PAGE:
Kilauea volcano in Hawaii erupts, threatening local community. So far, everyone is safe

Kilauea, one of the world’s most active volcanoes, has erupted at around 4:30 p.m. local time, ejecting magma, rocks, and toxic fumes.

“It sounded like there were rocks in a dryer that were being tumbled around,” said Jeremiah Osuna, who lives near Leilani Estates, one of two subdivisions evacuated. “You could hear the power it of it pushing out of the ground.”

The eruption didn’t exactly come as a surprise, not only because Kilauea is extremely active and eruptions happened regularly, but also because the eruption was preceded by a series of over 600 earthquakes — one of them going as high as 5.0 in magnitude.

All 1,500 inhabitants of Pahoa, which is close to the eruption, were told to leave after steam and lava started pouring out of a crack. In total, thousands of people have been evacuated following the eruption, with Governor David Ige saying he activated military reservists from the National Guard to help with the evacuations.

Currently, new ground cracks have been reported in the area, but the eruption seems to have calmed down. However, authorities have urged people to remain on alert. The opening phases of fissure eruptions are dynamic. Additional vents and new lava outbreaks may occur and at this time it is not possible to say where new vents may occur, the USGS writes.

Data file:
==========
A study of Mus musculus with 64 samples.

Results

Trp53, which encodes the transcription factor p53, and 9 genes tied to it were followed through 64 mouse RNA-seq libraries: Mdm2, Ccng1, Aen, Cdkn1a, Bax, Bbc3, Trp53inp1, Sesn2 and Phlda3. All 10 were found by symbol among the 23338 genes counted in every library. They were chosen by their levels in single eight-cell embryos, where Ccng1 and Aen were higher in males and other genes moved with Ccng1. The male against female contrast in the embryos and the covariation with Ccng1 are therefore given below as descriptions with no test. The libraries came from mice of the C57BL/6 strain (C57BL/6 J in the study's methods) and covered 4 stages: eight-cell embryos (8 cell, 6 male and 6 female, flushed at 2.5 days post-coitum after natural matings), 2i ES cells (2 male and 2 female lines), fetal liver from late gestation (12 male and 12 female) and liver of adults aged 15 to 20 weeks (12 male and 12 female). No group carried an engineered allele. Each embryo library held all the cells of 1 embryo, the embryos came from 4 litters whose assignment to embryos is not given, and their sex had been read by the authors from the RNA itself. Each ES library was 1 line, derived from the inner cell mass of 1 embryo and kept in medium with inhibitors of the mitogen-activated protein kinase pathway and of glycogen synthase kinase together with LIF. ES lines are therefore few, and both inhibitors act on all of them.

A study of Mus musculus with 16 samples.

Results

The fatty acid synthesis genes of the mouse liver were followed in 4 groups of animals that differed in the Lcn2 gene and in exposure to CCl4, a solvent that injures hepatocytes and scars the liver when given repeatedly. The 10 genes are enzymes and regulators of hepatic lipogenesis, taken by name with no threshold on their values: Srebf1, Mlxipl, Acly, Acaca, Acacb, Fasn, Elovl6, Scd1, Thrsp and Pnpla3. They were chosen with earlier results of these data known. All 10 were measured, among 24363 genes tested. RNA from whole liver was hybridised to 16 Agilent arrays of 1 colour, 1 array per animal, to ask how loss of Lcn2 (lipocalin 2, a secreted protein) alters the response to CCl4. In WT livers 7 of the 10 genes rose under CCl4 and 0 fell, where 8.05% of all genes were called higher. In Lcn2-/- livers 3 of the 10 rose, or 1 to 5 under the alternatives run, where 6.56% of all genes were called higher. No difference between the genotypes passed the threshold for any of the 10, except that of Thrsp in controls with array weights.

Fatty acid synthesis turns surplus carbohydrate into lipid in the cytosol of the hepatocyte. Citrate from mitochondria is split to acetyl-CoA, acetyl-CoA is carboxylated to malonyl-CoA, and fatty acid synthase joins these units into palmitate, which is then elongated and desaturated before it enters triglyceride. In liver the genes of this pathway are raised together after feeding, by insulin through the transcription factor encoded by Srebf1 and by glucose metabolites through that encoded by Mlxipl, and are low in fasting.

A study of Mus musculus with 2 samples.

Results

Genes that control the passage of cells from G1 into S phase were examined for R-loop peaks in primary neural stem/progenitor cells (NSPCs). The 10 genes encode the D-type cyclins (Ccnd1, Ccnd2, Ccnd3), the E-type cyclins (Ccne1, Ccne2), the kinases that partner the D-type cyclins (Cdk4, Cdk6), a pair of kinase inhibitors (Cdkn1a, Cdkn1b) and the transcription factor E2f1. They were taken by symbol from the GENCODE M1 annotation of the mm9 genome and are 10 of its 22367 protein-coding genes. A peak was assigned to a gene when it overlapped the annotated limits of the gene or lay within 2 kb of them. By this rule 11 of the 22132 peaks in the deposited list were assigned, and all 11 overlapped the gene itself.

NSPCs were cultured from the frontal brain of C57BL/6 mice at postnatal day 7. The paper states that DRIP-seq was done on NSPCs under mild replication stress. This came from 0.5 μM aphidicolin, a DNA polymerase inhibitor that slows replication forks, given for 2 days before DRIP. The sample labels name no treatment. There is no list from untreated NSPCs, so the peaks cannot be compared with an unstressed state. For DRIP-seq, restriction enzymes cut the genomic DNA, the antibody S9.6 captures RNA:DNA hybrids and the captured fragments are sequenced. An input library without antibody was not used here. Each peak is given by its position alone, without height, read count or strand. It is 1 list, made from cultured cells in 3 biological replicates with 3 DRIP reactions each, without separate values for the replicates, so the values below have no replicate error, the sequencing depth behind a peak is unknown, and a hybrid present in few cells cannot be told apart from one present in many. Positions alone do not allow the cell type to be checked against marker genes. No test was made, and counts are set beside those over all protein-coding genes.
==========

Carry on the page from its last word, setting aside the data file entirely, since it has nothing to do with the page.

Thankfully, no one was reportedly injured during the eruption. If anything, Hawaiians have grown to be quite resilient in the face of such eruptions. But, even for veterans, the event can be disturbing.

“Living on a volcano, everybody has got pretty thick skin. They know the risk,” said Ryan Finlay, who lives in Pahoa and runs an online trade school. “Lava for the most part has flown to the ocean the last 30 years. Everybody gets in a comfort zone. The last couple weeks, everything changed.”

For all its spectacular eruptions, Kilauea isn’t a particularly dangerous volcano. Its name means “spewing” or “much spreading” in the Hawaiian language (referring to its frequent outpouring of lava), but Kilauea is a shield volcano — a type of volcano usually composed almost entirely of fluid lava flows. Because the lava is so hot and fluid, it flows instead of blowing up, which means that eruptions tend to be less violent.

The first well-documented eruption of Kīlauea occurred in 1823, and since then, the volcano has been erupting more or less all the time. The volcano lies directly over the Hawaii hotspot — an area which is fed hot material directly from the mantle. In a way, the Earth’s mantle is “leaking” through Hawaii.